By Arnie Alpert, Active with the Activists
Arnie Alpert spent decades as a community organizer/educator in NH movements for social justice and peace. Officially retired since 2020, he keeps his hands (and feet) in the activist world while writing about past and present social movements.
WAYNE, MICHIGAN—Watching TV news coverage of the United Auto Workers strike from my sister-in-law’s suburban Detroit home, it looked like there weren’t that many people picketing at the Ford plant in Wayne, Michigan, one of three plants where the UAW went on strike Thursday night. After we visited the picket line a few days later I understood the source of my confusion.
Ford’s Michigan Avenue Assembly Plant in Wayne is huge, sprawling over a 369-acre site where UAW members assemble Ford Broncos and Rangers. There are about a dozen driveways onto the site, and each one had its own team of UAW picketers, at least 40 by the gate across the highway from the office of UAW Local 900 where we parked.
Jacob Wild and his co-worker Cory were the first two UAW members I met there. They work at the adjacent Ford stamping plant, or at least they did until the company shut it down on the first day of the strike, laying off 600 workers. It’s their first strike, though they’ve been through plenty of contract fights, including the 2007 one where the union accepted major concessions such as a 2-tier wage system. At the time, Ford claimed labor costs threatened the company’s ability to stay in business. Since then, “they still haven’t given us anything back,” Jacob said.
Shawn Fain, who became president following a close election earlier this year vowed a new approach to bargaining, including a higher level of transparency with members. In a live-streamed speech Wednesday evening, he told members they would start a “Stand Up” strike Thursday at midnight if negotiations with any of the Big Three auto companies failed to reach an agreement. Under the union’s strategy, they would strike selected plants with plans to escalate if negotiations remained unproductive.
Using a set of infographics, Fain explained that profits at Ford, GM, and Stellantis have risen 65% in the past 4 years. Over the same period, CEO pay rose 40% while the pay for union workers went up only 6%. “They’re absolutely rolling in the money,” he said, while the workers have fallen behind.
“As far as tiers go,” Fain said, “we want to end the broken unjust system of tiers. We believe in equal pay for equal work, that no worker should be treated like they’re a second-class citizen. We proposed a 90-day progression to top rate, the restoration of pensions, and post-retirement health care for all.”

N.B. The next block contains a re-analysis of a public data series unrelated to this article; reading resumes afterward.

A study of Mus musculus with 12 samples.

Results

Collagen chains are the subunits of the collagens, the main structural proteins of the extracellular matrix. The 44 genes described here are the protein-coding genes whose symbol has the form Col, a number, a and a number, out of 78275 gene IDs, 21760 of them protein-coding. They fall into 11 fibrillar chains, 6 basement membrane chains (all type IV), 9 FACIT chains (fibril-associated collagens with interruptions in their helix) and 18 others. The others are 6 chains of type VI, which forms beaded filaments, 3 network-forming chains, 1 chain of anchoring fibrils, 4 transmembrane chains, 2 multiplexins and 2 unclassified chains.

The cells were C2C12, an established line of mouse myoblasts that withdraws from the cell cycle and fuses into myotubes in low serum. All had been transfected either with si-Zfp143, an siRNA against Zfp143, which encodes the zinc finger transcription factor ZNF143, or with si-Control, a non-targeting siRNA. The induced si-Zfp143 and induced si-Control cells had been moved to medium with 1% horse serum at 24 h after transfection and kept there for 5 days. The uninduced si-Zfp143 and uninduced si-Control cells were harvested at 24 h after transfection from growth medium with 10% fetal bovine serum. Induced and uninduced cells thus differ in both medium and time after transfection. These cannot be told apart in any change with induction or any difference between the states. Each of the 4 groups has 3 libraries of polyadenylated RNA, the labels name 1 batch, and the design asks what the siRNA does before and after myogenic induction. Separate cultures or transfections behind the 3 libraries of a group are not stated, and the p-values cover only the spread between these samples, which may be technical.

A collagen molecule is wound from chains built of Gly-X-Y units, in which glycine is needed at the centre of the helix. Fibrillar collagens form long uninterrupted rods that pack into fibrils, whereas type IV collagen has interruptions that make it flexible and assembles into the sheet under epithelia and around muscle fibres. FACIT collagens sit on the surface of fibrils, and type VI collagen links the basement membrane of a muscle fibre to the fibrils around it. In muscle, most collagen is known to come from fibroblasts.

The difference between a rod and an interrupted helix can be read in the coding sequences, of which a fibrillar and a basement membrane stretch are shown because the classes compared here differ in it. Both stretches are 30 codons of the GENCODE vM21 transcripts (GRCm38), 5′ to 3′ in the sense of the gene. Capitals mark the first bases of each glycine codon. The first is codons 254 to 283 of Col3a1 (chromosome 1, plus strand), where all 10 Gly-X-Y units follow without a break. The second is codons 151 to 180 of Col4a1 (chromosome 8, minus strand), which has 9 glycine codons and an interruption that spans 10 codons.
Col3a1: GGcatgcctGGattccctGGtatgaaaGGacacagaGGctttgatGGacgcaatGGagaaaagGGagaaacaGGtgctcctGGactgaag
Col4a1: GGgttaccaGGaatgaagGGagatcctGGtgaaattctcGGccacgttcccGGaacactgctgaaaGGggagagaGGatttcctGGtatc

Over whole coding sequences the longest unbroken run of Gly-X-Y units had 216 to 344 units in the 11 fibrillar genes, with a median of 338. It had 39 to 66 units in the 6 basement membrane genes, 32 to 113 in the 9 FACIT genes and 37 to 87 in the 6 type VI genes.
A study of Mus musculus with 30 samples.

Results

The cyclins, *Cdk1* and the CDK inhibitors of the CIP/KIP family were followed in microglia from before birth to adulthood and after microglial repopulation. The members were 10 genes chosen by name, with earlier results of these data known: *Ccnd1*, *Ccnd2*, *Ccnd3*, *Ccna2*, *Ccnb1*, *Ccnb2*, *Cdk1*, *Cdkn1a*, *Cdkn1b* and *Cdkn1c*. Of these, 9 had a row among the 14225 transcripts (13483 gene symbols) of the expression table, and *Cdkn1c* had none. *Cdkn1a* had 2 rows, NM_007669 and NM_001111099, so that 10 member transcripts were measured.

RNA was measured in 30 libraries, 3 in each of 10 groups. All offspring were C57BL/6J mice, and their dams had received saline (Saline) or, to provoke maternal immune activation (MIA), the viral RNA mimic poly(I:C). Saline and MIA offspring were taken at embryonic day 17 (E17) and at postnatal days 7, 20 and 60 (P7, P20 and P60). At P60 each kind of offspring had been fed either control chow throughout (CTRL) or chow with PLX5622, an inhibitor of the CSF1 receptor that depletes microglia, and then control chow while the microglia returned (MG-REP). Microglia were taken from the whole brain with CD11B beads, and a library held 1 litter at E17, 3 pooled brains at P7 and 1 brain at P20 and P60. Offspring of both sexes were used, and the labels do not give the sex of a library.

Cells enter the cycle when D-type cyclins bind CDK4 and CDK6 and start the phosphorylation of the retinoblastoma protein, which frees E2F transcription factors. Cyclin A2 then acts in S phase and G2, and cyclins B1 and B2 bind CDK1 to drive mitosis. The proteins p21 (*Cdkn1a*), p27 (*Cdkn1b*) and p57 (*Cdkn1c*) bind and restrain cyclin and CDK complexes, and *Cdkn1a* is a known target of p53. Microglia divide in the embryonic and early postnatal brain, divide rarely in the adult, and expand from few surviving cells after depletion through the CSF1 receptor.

Thursday evening, Fain was back on Facebook Live with an announcement that one plant from each of the Big Three would go on strike barring any major breakthroughs at the bargaining table. The Ford plant in Wayne would be the only one in metro Detroit. Picket lines went up at midnight when the old contracts expired. It’s the first time in UAW history that they’ve gone on strike at all 3 big manufacturers at once.
Automobile manufacturing has declined dramatically but Detroit is still the “Motor City.” The UAW and the Big Three continue to be major players in the area’s culture and economy. On local TV over the weekend, stories about the strike alternated with coverage of the annual Detroit Auto Show.
Cory, who did not give me his last name, said Ford workers can’t even afford to buy the products they’re making. But it’s not just about auto workers, he said. “Everybody’s struggling right now. Everybody needs more pay. This shouldn’t just be about us, it should be about the whole country rising up.”
What Jacob and Cory said they want most is to recover lost pay since the 2007 concessions, a return to pay increases that keep up with inflation, a return to actual pensions for all workers, and an end to the despised two-tier wage system.
The dissatisfaction of auto workers has been deepened by the huge raises taken by auto company executives. “During the eight and a half minutes GM CEO Mary Barra appeared on CNN this morning, she ‘earned’ more money than any autoworker makes in a full work day,” the union tweeted on Friday.
“We’re not asking for anything above what we should be already having,” Cory said, adding that the union’s proposal for a 32-hour work week is really the only new issue on the table.
Mary Abdullah, who was picketing on her day off from a Ford transmission plant in Livonia, was hired under the two-tier system in 2007. For five years, she said, she made $16.60 an hour with no health insurance, working alongside people who made twice as much with full benefits. “I had three children that I had to raise by myself. And I had to be on Medicaid for my children to have insurance.” Adding to the insult, she lost five years of seniority when she moved to a different Ford plant, in Flat Rock. “I had to start all over again,” she said.
“We never voted for the two-tier system,” Cory said. No one wants to work next to someone doing the same job for half the pay, he said. “We’re all equal here.”
Mary’s message to the people of New Hampshire: “Support the unions. support working families. We work hard.”
Cory went further. “Rise up with us,” he said. “Everybody go on strike. Show these globalist elite, these people that have all the money that think they can just walk on us, and just strike.”
That’s unlikely, at least in the short run. But the auto workers strike is likely to expand. In a statement Monday night UAW president Shawn Fain issued another ultimatum to the Big Three: Without progress by noon on Friday toward what the union believes is a fair agreement, the UAW will call on more members to join the strike.